With an international crisis upon us, many are grasping to regain a sense of control—or at least feel hopeful that this pandemic shall pass sooner rather than later. Although the enormous impact of the coronavirus continues to grow and will be felt for months ahead, there are things that we can control in these times of uncertainty and increased anxiousness.
The first and biggest one is our response. We can choose to quiet our fearful thoughts and emotions. This act alone may seem small, especially when you may be cooped up, have a business whose doors have closed, or you're watching economic security dissipate. Still, anything that can help calm us will also assist us in making better decisions and support us emotionally to weather the storm.
The second action of self-empowerment is a simple tool that can be applied by everyone: GRATITUDE.
Its power stands apart as one of the most remarkable and assessable remedies available and can be used by children and adults alike. (A daily gratitude ritual would be uplifting in families confined to their homes.) Science has published numerous studies on gratitude, showing that expressing it increases well-being and positive emotions. By calling to mind our appreciation, we can keep top of mind what is most important to each of us. Gratitude will also offset the psychological disorientation caused by having all our self-care and social routines uprooted, such as, working out at the gym, dining at your favorite restaurant, or meeting a friend for coffee.
How we feel usually determines what comes next—our actions and behavior. Now is a time to keep yourselves encouraged! Keep your composure and find new routines. Creating a new norm is vital to assist us in this psychological upheaval. For parents, it's crucial to remain calm and create stability for children and teens in the home. You are the glue that keeps the family together!
Related reading: "Moods and Actions" by Seth Godin
As human beings, it’s natural to seek safety and want to avoid uncomfortable stresses, such as the reality of the COVID-19. However, when we deny what's happening or let our minds run away with fear, we work against ourselves. Yes, we want to prepare and take precautions, but fear does not make the situation change. Fear magnifies the stress if left unchecked, often causing the mind to spin worst-case scenarios that increase anxiety.
Practice Mindfulness and Gratitude to Find Your Balance
Without mindfulness and a disciplined mindset, our survival brain can steal away all the many things we have to be grateful for in our lives right now. For instance, imagine being confined without the ability to connect with those we love. Technology not only allows us to communicate with loved ones but to get instant updates, work virtually at home safely, order supplies and medications online, have FaceTime with friends, and support one another via social media, emails, and blogs. What a blessing!
There is nothing simpler that can relieve stress and replenish our spirits faster than gratitude. In the current disruption, being grateful is even more important in keeping our balance. A gratitude practice is a free, easy, and feel-good action that is scientifically shown to:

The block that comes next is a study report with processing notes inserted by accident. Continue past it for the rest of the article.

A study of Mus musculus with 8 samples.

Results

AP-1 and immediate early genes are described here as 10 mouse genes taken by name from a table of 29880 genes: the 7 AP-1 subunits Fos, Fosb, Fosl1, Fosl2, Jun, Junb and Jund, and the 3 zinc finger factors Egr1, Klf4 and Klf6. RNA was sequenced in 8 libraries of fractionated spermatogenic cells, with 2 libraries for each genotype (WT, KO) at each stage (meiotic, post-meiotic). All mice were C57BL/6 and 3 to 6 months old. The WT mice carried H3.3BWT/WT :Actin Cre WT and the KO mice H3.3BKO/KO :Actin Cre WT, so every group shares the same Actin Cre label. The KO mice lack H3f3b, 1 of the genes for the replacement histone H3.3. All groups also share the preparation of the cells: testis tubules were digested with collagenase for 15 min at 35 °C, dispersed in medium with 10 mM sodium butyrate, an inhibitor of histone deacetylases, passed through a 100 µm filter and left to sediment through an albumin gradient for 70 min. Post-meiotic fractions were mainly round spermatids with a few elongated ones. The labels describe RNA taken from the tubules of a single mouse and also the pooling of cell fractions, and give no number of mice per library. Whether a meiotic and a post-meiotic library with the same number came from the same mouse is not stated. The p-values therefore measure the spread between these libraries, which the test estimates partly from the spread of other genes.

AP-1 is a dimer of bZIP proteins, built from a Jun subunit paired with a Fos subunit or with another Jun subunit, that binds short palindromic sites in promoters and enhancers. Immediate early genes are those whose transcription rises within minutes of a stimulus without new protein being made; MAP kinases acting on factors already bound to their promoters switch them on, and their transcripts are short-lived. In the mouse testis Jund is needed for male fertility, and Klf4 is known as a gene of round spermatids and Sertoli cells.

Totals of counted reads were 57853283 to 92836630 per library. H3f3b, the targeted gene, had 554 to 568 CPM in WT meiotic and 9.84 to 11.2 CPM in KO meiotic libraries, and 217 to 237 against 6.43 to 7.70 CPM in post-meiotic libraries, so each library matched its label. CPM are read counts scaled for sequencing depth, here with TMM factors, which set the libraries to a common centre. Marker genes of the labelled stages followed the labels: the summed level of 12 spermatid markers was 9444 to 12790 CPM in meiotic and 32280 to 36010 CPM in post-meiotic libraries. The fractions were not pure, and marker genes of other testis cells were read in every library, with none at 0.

- increase happiness
- enhance health
- give more restful sleep
- shift negativity to a positive attitude
- replace anxious or depressing thoughts
- boost resiliency
- promote kindness
These are only a few of the benefits! Need more convincing? Pick whatever study you’d like to read. Below are several:
Gratitude instantly expands your awareness and shifts your attention from the negative to what is positive in your life, even during a stressful time.
Last week, I committed to my own version of a gratitude practice. Whenever any discouraging comment leaves my lips or a concern ripples across my mind, I bring to mind and say out loud three reasons I have to be grateful in that moment. Each time, I require the items to be different than the ones named before; it's like a game that requires my mind to think differently. Converting concerns to gratitude has helped me develop a more hopeful and positive attitude.
Another great ritual is to keep a gratitude journal and refer to it when you’re feeling down or afraid. Gratitude is not just a pleasant emotion. Gratitude holds power to take control back and enables you to be the captain of your own mind and emotions.
When practiced regularly, expressing appreciation can be an amazing stress relief and a life-changing experience. I encourage each of you to make gratitude a daily practice, especially in these challenging times. Its benefits make it one of the most powerful actions you can take. There are very few things that can shift emotions faster—and it's backed by science.
Make gratitude a habit.
If you're willing to try a gratitude practice, commit to expressing it several times a day. Experience the shifts for yourself that will help support you through hard times and expand the joy and pleasure in good times.